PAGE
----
The number of cases as a function of time can be modeled quite well with the well-known logistic function. This means that, initially, the number of cases N grows exponentially (e.g., N' = N). Then, due to mitigating factors (like the maximum number of cases in a finite population), the rate in the number of new cases decreases until there are no new cases. The number of cases obtained in this situation is known as the "capacity" which we usually parameterize as K.
Here's the amusing part. You can take any logistic curve, and as long as it is on the exponential part of the curve (which is easy to estimate from even a bit of data), any value of K that is sufficiently larger than the current number of cases is compatible with the data. Only when the data reliably shows that we're off the exponential can we estimate K (which is typically around twice the number at which point it went from being exponential to flattening out).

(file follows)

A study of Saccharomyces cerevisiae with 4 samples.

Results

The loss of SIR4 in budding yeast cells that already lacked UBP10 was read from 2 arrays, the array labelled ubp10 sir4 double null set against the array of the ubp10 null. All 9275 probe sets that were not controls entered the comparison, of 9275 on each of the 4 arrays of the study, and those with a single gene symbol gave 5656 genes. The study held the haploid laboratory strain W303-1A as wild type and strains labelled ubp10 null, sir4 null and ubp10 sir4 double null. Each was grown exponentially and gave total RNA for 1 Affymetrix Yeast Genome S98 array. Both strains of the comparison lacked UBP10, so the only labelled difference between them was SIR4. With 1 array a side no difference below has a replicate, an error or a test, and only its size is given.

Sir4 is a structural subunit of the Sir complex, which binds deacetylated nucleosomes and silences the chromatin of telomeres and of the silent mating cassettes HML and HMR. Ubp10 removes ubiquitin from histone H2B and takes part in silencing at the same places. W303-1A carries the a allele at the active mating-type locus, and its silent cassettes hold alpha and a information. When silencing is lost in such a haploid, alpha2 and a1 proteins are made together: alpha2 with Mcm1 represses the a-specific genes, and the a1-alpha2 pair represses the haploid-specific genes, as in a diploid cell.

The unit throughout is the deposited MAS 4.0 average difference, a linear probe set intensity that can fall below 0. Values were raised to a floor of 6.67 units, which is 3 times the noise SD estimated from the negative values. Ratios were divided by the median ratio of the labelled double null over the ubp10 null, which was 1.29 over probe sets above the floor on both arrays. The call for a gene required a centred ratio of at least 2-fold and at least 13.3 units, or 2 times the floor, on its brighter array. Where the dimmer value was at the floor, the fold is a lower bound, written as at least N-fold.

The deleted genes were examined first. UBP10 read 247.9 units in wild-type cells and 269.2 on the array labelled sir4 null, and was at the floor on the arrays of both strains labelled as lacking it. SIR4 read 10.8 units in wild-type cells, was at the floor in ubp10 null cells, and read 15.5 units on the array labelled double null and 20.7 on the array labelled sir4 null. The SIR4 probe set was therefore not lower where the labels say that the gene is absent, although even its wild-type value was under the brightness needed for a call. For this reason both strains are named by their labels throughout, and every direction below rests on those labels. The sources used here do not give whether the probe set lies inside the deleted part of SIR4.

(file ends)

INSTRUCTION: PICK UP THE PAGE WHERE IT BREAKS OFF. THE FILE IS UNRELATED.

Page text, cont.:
So, we don't know which world we live in right now. We could be nearly half way through the total number of cases, or only 1%. We could see millions die, or only thousands.
This is why many advocate for an abundance of caution.
This is not some conspiracy. Only some ignorant twat stepping outside of his lane would think this, which is admittedly many. We absolutely may, with the benefit of hindsight, regret reacting so aggressively to the threat, or we may regret not reacting more aggressively.
And, regardless, countries like the USA, who had the benefit of witnessing many countries experience great difficulty with the outbreak, had no excuse for its bungling management of the threat. This is what happens when you run your country like a money laundering business.